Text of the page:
Death by caffeine: an eye-catching headline when a coroner recently declared a South Carolina teen died from excessive caffeine consumption. In the span of two hours, according to reports, the 16 year-old drank a large Diet Mountain Dew, a cafe latte from McDonald’s and an energy drink, causing a “caffeine-induced cardiac event” leading to a probable arrhythmia.
The news surprised many experts in the medical community, including Joseph Garry, M.D., associate professor in the Department of Family Medicine and Community Health at the University of Minnesota Medical School.
“Deaths from caffeine ingestion are actually quite rare,” Garry explained. “However, this is entirely preventable and as such, any preventable death is tragic.”
While several studies have tried to find a link between caffeine consumption and mortality in adults, results remain inconclusive. A study published in the New England Journal of Medicine found no direct connection between coffee consumption and the risk of death. In fact, a 2011 study, researchers found moderate coffee consumption – about three to five cups per day – was actually associated with lower risk of cardiovascular disease, and heavy coffee consumption – more or equal to 6 cups per day – didn’t change the risk one way or another.
This research, however, involved adults. Even less is known about the effects of caffeine in children or teens.
“We do know that in general, children and teens are much more sensitive to the effects of drugs,” Garry said. “This would stand to reason caffeine’s effects would be similar though we don’t have data specifically just yet.”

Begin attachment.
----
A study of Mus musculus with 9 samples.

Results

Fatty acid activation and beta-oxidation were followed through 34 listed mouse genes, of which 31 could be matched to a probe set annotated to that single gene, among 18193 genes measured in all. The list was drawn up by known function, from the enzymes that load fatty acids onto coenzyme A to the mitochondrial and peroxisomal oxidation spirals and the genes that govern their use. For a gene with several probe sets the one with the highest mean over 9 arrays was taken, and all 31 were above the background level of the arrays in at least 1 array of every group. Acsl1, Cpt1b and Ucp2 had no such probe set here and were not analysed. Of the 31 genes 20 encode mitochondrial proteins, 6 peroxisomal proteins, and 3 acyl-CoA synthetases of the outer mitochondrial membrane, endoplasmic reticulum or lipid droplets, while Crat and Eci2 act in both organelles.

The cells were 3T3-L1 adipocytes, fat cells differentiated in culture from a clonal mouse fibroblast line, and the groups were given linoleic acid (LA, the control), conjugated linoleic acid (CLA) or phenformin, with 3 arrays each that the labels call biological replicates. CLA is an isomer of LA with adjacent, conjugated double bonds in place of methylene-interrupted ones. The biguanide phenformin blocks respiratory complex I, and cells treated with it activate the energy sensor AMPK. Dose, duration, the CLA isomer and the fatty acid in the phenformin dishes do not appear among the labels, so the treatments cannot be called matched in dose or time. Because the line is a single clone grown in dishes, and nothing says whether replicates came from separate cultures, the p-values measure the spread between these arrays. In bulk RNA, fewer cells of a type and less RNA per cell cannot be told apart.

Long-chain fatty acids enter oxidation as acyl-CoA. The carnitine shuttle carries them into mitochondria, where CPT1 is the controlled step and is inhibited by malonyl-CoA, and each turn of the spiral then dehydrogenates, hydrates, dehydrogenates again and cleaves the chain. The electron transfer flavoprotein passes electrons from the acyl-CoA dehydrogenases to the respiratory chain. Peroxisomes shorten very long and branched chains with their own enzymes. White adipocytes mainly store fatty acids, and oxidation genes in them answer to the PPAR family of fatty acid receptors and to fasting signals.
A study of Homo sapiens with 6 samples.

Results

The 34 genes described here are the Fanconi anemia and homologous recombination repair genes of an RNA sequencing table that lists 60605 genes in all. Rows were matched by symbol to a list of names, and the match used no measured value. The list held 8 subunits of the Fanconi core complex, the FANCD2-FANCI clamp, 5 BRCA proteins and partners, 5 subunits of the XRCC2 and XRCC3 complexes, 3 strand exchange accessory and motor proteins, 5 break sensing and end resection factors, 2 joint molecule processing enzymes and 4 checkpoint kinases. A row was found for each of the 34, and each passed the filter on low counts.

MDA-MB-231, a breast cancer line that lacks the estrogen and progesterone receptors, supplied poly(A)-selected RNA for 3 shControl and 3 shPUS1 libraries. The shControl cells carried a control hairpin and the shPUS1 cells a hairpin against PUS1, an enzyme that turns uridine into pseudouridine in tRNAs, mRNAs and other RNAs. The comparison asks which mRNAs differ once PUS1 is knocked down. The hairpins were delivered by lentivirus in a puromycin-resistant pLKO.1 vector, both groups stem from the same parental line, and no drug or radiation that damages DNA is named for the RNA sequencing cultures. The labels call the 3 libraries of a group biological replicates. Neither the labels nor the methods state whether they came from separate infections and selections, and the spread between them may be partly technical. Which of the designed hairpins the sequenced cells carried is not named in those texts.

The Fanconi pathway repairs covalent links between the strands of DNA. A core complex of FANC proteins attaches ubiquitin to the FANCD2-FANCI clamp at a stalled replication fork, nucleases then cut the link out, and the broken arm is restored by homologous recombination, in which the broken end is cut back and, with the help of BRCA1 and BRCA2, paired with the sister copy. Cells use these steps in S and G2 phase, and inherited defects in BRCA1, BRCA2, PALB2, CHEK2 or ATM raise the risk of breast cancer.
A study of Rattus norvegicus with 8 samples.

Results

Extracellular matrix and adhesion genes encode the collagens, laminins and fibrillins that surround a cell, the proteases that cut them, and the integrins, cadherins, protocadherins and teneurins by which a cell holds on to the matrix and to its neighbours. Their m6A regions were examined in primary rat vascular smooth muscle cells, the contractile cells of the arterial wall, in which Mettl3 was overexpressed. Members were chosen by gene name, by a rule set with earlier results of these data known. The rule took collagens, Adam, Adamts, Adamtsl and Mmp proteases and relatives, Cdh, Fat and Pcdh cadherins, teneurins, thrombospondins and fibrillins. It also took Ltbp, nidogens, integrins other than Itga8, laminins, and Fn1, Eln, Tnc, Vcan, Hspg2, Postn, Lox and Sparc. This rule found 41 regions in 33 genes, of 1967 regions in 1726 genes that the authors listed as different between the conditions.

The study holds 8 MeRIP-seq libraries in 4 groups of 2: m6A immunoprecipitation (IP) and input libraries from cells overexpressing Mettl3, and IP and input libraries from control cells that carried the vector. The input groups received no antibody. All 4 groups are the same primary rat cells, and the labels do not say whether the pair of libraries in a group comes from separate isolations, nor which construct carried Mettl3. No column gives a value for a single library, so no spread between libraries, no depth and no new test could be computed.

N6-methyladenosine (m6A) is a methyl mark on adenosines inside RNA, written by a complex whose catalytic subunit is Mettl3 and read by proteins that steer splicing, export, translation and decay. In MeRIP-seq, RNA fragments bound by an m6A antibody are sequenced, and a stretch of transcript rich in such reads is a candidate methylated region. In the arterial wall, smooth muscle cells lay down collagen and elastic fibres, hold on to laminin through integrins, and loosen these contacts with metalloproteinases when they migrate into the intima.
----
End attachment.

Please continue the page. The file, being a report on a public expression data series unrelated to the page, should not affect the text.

In 2011, the American Academy of Pediatrics advised teens avoid consumption of energy drinks due to caffeine concerns. University of Minnesota experts recommend children and even teens should avoid caffeine consumption as much as possible.
That concept was explored recently in a study published March of 2016 in The Journal of Nutrition Education and Behavior. The target focus group was adolescents. Researchers found the majority of 166 9th and 10th graders polled listed reasons for using caffeine as providing energy, taste, and image enhancement. The research also found teens had easy access to it. Teens seemed aware of the negative health effects associated with caffeine even though they weren’t aware of the recommended consumption levels. Researchers concluded further education is needed to correct the misconceptions many adolescents have about caffeine, many which they seem to obtain from media and advertising and parental role modeling.
In adults, it is recommended caffeine consumption be limited to less than 400 mg per day. However, if one experiences side effects including increased excitement, agitation, anxiety, or insomnia, experts advise decreasing consumption. Other side effects include tachycardia, or an abnormally rapid heart rate, increased sweating and dizziness. Too much caffeine can also interfere with healthy living habits, for example leading to a decreased appetite.
“Caffeine is a known stimulant and performance enhancing drug,” Garry said.
This means for some accustomed to regular caffeine consumption, abrupt discontinuation can cause with-drawl symptoms, like orneriness and headaches. Fortunately, Garry stresses that caffeine is not a necessity.
“Incorporating a healthy diet, healthy restorative sleep patterns and daily exercise can supplant any perceived ‘necessity’ for caffeine use as a stimulant,” said Garry.